A day of dreams and (virtual) art at the Gantt Center on Martin Luther King Jr. Day

·3 min read

State Rep. Kelly Alexander Jr. said he’s old enough to remember when Martin Luther King Jr. was a controversial figure within the Black community

“I remember when my father used to debate (his) strategy,” The N.C. legislator from Mecklenburg County said on a virtual discussion panel at Charlotte’s Harvey B. Gantt Center for African American Arts + Culture Monday. “(But) Dr. King has become the drum major for all of our aspirations. Too many folks don’t understand that historical context.”

That was one of the aims of the Gantt’s 2022 “Community Dreams” event Monday, celebrating the work and legacy of King on the national holiday in his honor.

Before the event was moved online, Gantt President and CEO David Taylor said the center was “excited to again host a full day of cultural experiences and social discussions in the spirit of Dr. Martin Luther King, Jr.’s life. To continue in our tradition of honoring this great man, the day of celebration at the Gantt will be a fun and fulfilling experience for the community at-large.”

The event was held virtually due to increasing health and safety concerns related to COVID-19, in addition to the lingering effects of Sunday’s winter storm that had hit the Charlotte region, and iced over a number of roads.

The Harvey B. Gantt Center hosted a program of virtual events Monday to celebrate Martin Luther King Jr. day, ranging from art workshops to a jazz concert.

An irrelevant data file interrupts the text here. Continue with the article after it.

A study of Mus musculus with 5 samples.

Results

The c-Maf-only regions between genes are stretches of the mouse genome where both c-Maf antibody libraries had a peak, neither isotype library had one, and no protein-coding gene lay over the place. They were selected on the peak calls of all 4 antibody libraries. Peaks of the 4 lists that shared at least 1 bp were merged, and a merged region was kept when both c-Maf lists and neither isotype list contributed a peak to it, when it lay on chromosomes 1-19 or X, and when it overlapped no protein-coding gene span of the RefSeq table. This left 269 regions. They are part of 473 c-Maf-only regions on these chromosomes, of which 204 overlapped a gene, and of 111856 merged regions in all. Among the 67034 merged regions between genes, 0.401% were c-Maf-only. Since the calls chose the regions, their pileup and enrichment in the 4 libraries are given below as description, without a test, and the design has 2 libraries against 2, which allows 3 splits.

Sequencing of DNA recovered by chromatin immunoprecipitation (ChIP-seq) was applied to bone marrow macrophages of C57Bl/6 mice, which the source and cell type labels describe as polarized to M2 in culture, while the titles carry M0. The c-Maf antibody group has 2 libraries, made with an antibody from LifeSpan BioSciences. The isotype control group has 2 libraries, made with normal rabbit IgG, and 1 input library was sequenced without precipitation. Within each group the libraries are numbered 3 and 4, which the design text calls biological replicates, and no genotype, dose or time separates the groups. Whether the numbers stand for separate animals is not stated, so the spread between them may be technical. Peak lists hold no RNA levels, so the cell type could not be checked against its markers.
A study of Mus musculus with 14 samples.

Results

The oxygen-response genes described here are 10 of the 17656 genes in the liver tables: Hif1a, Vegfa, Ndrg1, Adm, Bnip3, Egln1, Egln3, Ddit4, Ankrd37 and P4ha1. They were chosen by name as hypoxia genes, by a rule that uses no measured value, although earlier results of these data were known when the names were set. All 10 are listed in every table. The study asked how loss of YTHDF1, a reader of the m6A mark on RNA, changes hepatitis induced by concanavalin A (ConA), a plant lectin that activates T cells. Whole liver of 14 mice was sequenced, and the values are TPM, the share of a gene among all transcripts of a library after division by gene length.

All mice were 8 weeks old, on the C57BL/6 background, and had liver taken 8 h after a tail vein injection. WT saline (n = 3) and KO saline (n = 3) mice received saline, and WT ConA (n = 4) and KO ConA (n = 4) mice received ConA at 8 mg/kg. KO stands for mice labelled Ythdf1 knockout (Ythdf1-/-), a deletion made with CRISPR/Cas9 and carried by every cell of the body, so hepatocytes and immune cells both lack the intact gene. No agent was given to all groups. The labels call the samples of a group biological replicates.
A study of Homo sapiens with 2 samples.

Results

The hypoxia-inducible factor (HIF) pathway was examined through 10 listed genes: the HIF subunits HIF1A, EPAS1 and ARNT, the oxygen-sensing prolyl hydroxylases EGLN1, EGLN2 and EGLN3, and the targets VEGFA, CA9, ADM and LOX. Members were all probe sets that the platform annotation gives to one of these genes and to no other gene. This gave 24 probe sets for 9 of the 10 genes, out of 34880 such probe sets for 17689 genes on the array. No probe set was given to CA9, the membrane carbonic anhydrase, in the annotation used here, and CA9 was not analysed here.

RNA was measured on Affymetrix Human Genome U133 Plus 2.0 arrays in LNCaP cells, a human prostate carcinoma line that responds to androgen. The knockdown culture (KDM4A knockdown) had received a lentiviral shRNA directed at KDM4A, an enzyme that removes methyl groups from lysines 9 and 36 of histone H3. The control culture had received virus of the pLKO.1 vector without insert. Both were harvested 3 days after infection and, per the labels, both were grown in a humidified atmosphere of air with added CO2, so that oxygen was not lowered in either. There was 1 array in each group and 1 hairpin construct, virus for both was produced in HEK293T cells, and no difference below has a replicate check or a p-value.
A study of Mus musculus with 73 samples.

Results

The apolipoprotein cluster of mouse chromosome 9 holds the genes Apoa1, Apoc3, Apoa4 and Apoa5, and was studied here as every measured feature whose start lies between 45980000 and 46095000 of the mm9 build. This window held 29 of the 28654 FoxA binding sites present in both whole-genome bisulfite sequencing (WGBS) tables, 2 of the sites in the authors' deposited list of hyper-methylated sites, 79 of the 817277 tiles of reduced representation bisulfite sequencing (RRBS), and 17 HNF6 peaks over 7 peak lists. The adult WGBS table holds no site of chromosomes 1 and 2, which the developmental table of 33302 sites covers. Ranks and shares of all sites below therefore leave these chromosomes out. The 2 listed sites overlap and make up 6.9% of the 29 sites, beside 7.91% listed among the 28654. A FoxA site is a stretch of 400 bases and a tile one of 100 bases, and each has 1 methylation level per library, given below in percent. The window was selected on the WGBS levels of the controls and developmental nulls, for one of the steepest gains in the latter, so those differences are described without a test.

The Harvey B. Gantt Center hosted a program of virtual events Monday to celebrate Martin Luther King Jr. day, ranging from art workshops to a jazz concert.

But that didn’t stop speakers and performers from putting on virtual art workshops, a film screening and a live jazz concert via the center’s YouTube channel, which live-streamed the program from 9 a.m. to 5 p.m.

The film was “Our Friend, Martin,” an animated movie that featured two sixth-grade boys transported back to the time of the civil rights leader and learn important lessons.

There also was an interactive dance performance by Jermaine Nakia Lee that was inspired by the civil rights movement of the 1950s and 1960s.

‘You have to have faith’

The day’s events concluded with a discussion, “Dream Builders in History,” including Alexander and civil rights pioneer Dorothy Counts-Scoggins and attorney Geraldine Sumter. Moderated by artist and theologian the Rev. de’Angelo Dia, the panelists discussed the struggle for racial justice in their own lives.

“When you do this work, you have to have faith, that there are things that we cannot see that will materialize,” Sumter said. Before she was a lawyer, Sumter was an activist, helping neighbors register to vote when she in her early teens.

The Gantt Center, located in uptown Charlotte, is a multidisciplinary arts institution that works to present, preserve and promote African-American culture.

It offers other arts programming like classes, exhibits and performances.

Exhibits at the Gantt include “Container/Contained: Phil Freelon — Design Strategies for Telling African-American Stories” and “Visual Vanguard: An Exhibition of Contemporary Black Carolina Artists.” Monday was the last scheduled day for the Freelon exhibition.

The Gantt’s galleries are temporarily closed to the public starting Tuesday, Jan. 18, for work on installations. It will reopen Jan. 29.